POSTED: Thursday, November 15, 2012 - 7:00pm
UPDATED: Thursday, November 15, 2012 - 7:04pm
NATIONAL NEWS (CNN) — The U.S. Postal Service announced a record loss of $15.9 billion for the fiscal year 2012, which it blamed primarily on a mandate to set aside billions of dollars for a retirement heath fund.
The Postal Service said that its loss includes $11.1 billion in payments it owes to "prefund" its retiree health benefits. Postal officials have complained for years about these prepayments, which are required by Congress, arguing that its Federal Employees Retirement System is overfunded by $11 billion dollars as of October. They also point out that other federal agencies don't have similar mandates for prefunding.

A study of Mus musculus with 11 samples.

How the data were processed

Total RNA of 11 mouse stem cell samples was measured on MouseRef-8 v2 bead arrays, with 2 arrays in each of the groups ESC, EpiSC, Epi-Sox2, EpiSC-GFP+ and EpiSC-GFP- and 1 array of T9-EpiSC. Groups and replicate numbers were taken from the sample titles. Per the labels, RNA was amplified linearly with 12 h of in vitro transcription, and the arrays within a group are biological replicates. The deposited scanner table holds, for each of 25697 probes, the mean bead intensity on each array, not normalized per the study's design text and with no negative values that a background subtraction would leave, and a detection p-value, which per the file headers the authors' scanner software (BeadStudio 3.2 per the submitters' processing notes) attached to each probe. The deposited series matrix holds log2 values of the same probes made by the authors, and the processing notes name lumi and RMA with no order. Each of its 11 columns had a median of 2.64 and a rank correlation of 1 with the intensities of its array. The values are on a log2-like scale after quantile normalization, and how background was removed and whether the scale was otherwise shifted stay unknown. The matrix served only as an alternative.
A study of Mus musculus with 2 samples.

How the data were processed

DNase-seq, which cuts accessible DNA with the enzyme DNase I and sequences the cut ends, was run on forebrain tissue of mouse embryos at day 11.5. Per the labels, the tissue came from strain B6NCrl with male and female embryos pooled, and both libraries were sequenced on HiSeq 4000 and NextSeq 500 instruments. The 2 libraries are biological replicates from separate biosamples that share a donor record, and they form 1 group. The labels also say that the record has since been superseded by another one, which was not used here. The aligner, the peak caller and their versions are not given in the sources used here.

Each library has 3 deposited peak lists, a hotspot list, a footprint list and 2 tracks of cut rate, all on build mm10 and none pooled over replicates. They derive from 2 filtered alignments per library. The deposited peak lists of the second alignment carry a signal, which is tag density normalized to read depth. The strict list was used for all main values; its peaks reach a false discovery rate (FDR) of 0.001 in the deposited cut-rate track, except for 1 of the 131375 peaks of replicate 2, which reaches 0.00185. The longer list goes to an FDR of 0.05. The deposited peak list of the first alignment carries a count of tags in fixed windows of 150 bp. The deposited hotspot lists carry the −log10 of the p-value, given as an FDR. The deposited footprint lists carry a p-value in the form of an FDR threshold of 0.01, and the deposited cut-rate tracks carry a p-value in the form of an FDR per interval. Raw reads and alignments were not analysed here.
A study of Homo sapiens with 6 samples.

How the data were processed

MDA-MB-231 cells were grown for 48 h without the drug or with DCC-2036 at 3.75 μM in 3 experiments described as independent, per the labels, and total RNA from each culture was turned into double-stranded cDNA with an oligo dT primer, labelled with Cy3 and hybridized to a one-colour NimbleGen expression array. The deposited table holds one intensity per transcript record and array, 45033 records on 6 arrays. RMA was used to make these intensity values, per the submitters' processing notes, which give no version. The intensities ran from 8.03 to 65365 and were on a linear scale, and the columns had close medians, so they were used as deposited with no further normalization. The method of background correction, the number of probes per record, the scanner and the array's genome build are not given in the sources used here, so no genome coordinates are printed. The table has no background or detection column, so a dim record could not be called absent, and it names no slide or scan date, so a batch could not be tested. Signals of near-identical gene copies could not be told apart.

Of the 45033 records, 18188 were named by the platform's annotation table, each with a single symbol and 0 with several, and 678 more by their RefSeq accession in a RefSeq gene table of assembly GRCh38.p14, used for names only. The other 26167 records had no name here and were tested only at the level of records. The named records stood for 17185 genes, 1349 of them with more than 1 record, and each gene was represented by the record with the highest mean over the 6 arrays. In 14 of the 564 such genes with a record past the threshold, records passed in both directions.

The Postal Service defaulted on two prefunding payments during its 2012 fiscal year, which ended on Sept. 30.
Its total losses of $15.9 billion are more than triple the $5.1 billion in losses it posted in the prior year, the Postal Service said.
The Postal Service has been struggling with declines in mail revenue, which is a casualty of a sluggish economy as well as email.
The agency has made various efforts to reduce costs. It plans to cut 150,000 workers through 2015, reduce existing staffers' work hours and hike the price on first-class stamps.
Officials have threatened to scale back service to five days, shuttering their low-volume, low-revenue, Saturday service. But the notion of five-day service is intensely unpopular in Congress and unlikely to prevail.
Unlike other federal agencies, the Postal Service does not receive taxpayer support, though it has borrowed money from the U.S. Treasury.
Like its business rivals FedEx and United Parcel Service, the Postal Service is an independent enterprise.